As municipalities in Prescott-Russell ponder regulations to limit clear-cutting, the nearby City of Saint-Lazare, Quebec, is looking to strengthen its already strict tree and woodland conservation bylaw.

Draft Bylaw 1095 will provide increased protection for woods and wetlands in Saint-Lazare, including four large forests within its urban perimeter. Municipalities in the Province of Quebec are able to regulate and enforce their own tree-cutting bylaws.

The second-largest city in Vaudreil-Soulanges, with a population of more than 22,000, Saint-Lazare has applied strict tree-cutting rules in its territory for many years. The municipality’s current Tree and Woodland Conservation Bylaw requires a permit be obtained to cut trees which are more than three centimeters in diameter – measured at 30 centimeters from the ground. The permit is free, but planned cuts must be inspected to ensure the reason for the tree removal is valid. On private property it is almost impossible to cut healthy trees.

“They can cut only when the tree is dead, sick, or dangerous,” explains Lyne Mousseau, Project Manager for the Environment Department of Ville Saint-Lazare, noting the existing bylaw has saved many trees over the years. “It’s not perfect, because sometimes it is difficult to apply to a property, but it has prevented a lot of deforestation.”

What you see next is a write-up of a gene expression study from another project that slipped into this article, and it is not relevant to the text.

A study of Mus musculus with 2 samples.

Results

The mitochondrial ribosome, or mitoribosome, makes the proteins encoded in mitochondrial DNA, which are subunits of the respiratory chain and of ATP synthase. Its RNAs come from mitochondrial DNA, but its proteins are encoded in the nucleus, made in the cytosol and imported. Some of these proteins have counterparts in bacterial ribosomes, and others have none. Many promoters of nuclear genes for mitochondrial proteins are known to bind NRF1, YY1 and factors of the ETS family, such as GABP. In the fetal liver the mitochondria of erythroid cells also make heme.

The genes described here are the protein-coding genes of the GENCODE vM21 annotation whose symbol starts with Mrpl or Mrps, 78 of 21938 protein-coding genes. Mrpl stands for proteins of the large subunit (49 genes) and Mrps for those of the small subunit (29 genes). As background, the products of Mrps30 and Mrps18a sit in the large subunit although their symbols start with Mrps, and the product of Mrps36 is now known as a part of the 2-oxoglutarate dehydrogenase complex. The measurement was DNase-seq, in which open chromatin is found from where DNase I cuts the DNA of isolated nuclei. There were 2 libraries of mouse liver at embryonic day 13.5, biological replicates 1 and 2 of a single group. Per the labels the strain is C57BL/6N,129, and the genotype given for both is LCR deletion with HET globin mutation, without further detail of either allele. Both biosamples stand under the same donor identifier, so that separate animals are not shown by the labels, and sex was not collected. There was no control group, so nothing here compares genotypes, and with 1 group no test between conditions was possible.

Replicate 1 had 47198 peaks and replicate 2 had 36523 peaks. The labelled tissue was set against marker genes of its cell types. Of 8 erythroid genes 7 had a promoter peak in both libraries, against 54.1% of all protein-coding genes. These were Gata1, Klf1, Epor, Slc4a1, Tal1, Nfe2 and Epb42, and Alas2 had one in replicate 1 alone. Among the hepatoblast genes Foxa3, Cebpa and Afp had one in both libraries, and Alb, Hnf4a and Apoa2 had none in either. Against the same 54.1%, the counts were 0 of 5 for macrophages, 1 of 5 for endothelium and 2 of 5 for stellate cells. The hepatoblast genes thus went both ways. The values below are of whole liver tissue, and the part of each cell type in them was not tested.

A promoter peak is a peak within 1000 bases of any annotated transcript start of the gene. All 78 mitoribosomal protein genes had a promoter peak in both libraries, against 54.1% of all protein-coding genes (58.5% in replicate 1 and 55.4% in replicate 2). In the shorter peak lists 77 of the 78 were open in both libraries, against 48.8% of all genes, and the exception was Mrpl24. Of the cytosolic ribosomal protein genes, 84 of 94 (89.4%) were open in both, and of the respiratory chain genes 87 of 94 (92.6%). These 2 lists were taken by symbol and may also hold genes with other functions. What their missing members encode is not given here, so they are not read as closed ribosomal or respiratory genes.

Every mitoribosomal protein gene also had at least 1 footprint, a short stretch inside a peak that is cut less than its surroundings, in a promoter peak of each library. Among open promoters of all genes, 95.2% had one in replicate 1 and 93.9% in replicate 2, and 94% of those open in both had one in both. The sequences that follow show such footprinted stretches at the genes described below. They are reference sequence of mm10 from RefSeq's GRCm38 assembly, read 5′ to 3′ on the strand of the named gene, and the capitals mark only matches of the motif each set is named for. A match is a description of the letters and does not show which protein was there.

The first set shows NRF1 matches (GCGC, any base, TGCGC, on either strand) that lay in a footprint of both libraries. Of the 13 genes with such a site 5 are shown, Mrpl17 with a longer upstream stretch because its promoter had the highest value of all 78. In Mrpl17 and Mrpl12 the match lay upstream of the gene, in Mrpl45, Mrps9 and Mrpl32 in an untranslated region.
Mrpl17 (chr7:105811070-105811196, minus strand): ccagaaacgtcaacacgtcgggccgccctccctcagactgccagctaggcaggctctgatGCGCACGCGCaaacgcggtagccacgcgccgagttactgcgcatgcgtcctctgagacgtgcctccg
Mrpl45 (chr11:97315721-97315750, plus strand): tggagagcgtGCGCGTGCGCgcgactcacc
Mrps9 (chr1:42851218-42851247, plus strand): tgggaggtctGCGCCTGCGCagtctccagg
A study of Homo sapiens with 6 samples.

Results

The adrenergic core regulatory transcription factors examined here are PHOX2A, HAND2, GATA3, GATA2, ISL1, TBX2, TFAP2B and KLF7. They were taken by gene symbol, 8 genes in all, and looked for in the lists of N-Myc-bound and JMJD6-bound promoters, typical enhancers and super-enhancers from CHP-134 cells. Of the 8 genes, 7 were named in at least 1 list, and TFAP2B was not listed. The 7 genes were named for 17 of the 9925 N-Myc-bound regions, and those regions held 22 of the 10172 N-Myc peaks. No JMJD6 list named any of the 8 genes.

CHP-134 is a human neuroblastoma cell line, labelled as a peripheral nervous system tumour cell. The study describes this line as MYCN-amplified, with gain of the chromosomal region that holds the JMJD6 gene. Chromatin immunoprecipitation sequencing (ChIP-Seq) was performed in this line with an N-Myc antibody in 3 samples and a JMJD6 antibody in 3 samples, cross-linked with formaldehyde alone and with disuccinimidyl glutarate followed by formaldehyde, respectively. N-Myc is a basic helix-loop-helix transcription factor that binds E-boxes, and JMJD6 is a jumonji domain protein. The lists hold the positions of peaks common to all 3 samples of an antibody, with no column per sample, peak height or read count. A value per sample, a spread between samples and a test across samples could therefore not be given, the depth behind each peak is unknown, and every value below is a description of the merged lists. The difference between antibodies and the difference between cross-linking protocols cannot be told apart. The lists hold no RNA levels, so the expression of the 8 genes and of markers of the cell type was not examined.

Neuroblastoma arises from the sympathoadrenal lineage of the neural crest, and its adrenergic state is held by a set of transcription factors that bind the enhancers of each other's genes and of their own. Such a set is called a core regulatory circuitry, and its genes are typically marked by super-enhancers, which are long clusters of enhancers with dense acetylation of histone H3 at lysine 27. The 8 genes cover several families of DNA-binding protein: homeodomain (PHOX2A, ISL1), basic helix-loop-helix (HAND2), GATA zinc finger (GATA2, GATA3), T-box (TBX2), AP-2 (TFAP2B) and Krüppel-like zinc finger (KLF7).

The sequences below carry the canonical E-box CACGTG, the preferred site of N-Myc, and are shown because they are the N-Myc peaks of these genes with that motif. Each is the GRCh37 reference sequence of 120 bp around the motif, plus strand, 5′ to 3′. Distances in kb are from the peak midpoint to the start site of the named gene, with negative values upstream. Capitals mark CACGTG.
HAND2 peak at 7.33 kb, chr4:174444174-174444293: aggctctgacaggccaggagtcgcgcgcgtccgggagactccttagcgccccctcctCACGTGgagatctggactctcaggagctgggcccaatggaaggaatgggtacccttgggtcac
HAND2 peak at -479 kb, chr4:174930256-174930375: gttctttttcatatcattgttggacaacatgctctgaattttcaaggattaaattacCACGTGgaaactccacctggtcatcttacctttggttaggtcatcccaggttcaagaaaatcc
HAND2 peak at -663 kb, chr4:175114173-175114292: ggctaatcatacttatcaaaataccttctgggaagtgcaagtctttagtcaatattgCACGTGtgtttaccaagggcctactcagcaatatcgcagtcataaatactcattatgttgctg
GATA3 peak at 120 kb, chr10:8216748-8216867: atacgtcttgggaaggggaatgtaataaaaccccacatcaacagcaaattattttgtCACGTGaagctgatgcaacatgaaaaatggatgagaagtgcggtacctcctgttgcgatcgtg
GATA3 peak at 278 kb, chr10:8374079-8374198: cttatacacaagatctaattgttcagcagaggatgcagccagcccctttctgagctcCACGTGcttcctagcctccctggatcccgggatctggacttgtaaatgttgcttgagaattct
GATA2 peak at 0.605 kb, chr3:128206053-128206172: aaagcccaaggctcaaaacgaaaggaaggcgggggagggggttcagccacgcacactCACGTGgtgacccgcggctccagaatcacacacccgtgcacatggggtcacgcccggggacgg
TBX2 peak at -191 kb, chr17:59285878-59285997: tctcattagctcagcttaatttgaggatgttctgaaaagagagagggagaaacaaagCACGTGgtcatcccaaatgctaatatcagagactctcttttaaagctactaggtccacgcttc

Restrictions also exist for new constructions within Saint-Lazare’s urban areas. For new homes, trees can only be cut where the structure is located and is limited to 900 square meters.

The municipality’s current bylaw was developed in accordance with forestry corridors designated by The Metropolitan Community of Montreal – comprised of 83 municipalities, including Saint-Lazare. Within those corridors, cutting down trees is strictly prohibited without a permit, even on land designated as agricultural.

The new bylaw proposed by council will enlarge the protection of forests within Saint-Lazare. The bylaw will also provide for stricter regulations even in urban areas outside of the protected corridors.

Most controversial within the proposal, is the protection of four large forests located within Saint-Lazare’s urban perimeter.

“There are now four large forests which are better protected within the urban perimeter,” notes Mousseau, adding the bylaw is not without controversy. “There are many citizens (in Saint-Lazare) who have wanted this for a long time, but those who own the land are less in agreement (with the bylaw.)”

While the designation of the four woodlands as protected has broad support overall, landowners of property within the areas are concerned the proposal will lower the value of their land. The city held public consultations until March 4 for those who wished to express their concerns. Elected officials have indicated that they are open to making changes, in order to take into account comments and concerns submitted as part of the consultation.

A map of the woodlands which would be protected under the new bylaw can be found here.